In September 2019, the administration’s refusal to turn over to Congress an intelligence whistleblower complaint led to extraordinary revelations that President Donald Trump had allegedly urged Ukrainian President Volodymyr Zelensky to investigate the son of former Vice President Joe Biden — a week after ordering the freeze of military aid to Ukraine. Equally concerning were unabashed claims from Trump lawyer Rudy Giuliani that he had made similar efforts in talks with Ukrainian officials.
Giuliani had announced in May 2019 that he would travel to Ukraine to urge the government to investigate Hunter Biden’s involvement with a Ukrainian energy company as well as allegations (for which no evidence exists) that Joe Biden, a potential 2020 Trump opponent, had played a role in the Ukrainian government’s dismissal of a prosecutor. The trip was canceled after widespread criticism, but Giuliani defended his actions by saying, “We’re not meddling in an election, we’re meddling in an investigation.” Before the announcement of the canceled trip, the State Department recalled the U.S. ambassador to Ukraine, who had been under attack in conservative media for purportedly criticizing Trump in private conversations.
Later that summer, however, the New York Times reported that Giuliani had renewed his efforts, secretly talking to Ukrainian official Andriy Yermak. After news surfaced of a whistleblower complaint involving Trump’s communications with Zelensky — which the acting director of national intelligence refused to release to Congress — additional reporting revealed that in mid-July Trump had ordered his acting chief of staff, Mick Mulvaney, to withhold Ukraine’s military aid. The Office of Management and Budget (OMB) had subsequently instructed the Defense and State Departments to freeze the aid.
While Trump seesawed with his explanations about why he had withheld the $400 million, Giuliani wasted little time before appearing on cable news to admit that he had asked Ukraine to investigate Biden. Meanwhile, the State Department confirmed that it had assisted in connecting Giuliani with Yermak, a fact Giuliani boasted of on Fox News: “I was operating at the request of the State Department.”
On September 25, the day after Speaker Nancy Pelosi announced that the House of Representatives would open an official impeachment inquiry into the president, the White House released a summary transcript of the call, which showed that Trump said he would direct Attorney General William Barr and Giuliani to call Zelensky. “I will have Mr. Giuliani give you a call and I am also going to have Attorney General Barr call and we will get to the bottom of it,” the transcript said.
The transcript also showed that Trump discussed the U.S. ambassador to Ukraine, Marie Louise Yovanovitch, who had been recalled in May: “The former ambassador from the United States, the woman, was bad news and the people she was dealing with in the Ukraine were bad news so I just want to let you know that.”
The president’s actions, if true, could constitute a dangerous violation of criminal law. With the advent of a formal impeachment inquiry and with the Trump White House’s blanket obstruction of all legislative oversight, American Oversight seeks records from multiple federal agencies that could shed light both on Giuliani’s contacts with the Ukrainian government and on the president’s potential freezing of congressionally approved military aid in an attempt to influence the upcoming 2020 election.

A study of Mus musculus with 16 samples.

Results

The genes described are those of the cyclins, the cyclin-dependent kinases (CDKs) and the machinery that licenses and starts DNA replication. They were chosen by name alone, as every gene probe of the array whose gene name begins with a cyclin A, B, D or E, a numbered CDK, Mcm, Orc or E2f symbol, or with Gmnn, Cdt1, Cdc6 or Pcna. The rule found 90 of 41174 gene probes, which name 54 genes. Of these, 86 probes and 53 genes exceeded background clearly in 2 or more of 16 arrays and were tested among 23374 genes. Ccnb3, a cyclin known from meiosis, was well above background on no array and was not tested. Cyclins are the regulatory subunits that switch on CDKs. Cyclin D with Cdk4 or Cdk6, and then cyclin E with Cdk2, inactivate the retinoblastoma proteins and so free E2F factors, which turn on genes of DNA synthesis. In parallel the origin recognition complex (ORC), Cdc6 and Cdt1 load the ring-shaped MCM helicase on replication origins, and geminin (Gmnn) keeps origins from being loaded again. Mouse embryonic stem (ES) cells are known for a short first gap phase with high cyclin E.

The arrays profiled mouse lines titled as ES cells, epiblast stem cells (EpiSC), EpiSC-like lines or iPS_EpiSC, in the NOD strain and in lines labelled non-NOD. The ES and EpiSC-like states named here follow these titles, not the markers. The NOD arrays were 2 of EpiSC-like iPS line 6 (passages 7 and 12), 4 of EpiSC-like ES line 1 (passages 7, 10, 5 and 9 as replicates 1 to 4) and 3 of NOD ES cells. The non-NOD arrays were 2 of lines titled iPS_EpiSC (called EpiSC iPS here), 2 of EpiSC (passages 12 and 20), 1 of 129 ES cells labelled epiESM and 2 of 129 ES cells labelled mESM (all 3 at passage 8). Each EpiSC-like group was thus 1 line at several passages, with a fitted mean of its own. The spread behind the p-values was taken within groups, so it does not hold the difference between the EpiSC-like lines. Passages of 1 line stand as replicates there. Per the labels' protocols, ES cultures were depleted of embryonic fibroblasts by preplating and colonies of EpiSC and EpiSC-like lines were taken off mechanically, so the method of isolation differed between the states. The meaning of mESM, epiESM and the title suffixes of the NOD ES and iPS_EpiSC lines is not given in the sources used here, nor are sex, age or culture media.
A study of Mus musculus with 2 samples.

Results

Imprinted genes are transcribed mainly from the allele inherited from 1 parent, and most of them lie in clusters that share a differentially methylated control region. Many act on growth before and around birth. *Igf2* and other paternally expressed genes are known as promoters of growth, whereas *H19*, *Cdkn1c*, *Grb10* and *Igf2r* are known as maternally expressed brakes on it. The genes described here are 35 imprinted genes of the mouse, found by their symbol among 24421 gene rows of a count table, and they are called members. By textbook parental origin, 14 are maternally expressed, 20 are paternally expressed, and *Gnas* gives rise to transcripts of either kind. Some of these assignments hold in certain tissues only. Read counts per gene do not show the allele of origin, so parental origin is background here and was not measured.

On Oct. 1, 2019, American Oversight sued the State Department for records of communications with or about Giuliani and his efforts, as well as for records related to the recall of U.S. Ambassador to Ukraine Marie Yovanovitch. The public’s urgent need for answers led American Oversight to file a motion for a preliminary injunction on Oct. 4 to compel the government to immediately begin processing and producing documents.
On Oct. 12, 2019, American Oversight sued the State Department for emails sent by Secretary of State Mike Pompeo or other senior officials referencing President Trump’s personal lawyer Rudy Giuliani, 2020 presidential candidate Joe Biden, or Ukrainian-born businessmen Lev Parnas and Igor Fruman. The lawsuit also sought the calendars of former Ukraine special representative Kurt Volker and his communications with Giuliani.
On Oct. 22, 2019, American Oversight sued the Department of Energy for records of Secretary Rick Perry’s May 2019 delegation to the inauguration of Ukrainian President Volodymyr Zelensky. The lawsuit also seeks records from Perry and Deputy Secretary Dan Brouillette including communications with Giuliani, details of Perry’s other meetings with Ukrainian officials, and correspondence with key individuals and entities associated with the effort to pressure the Ukrainian government.
On Oct. 23, 2019, a federal judge stated he will order the Department of State to begin producing records requested by American Oversight regarding the Trump administration’s dealings with Ukraine.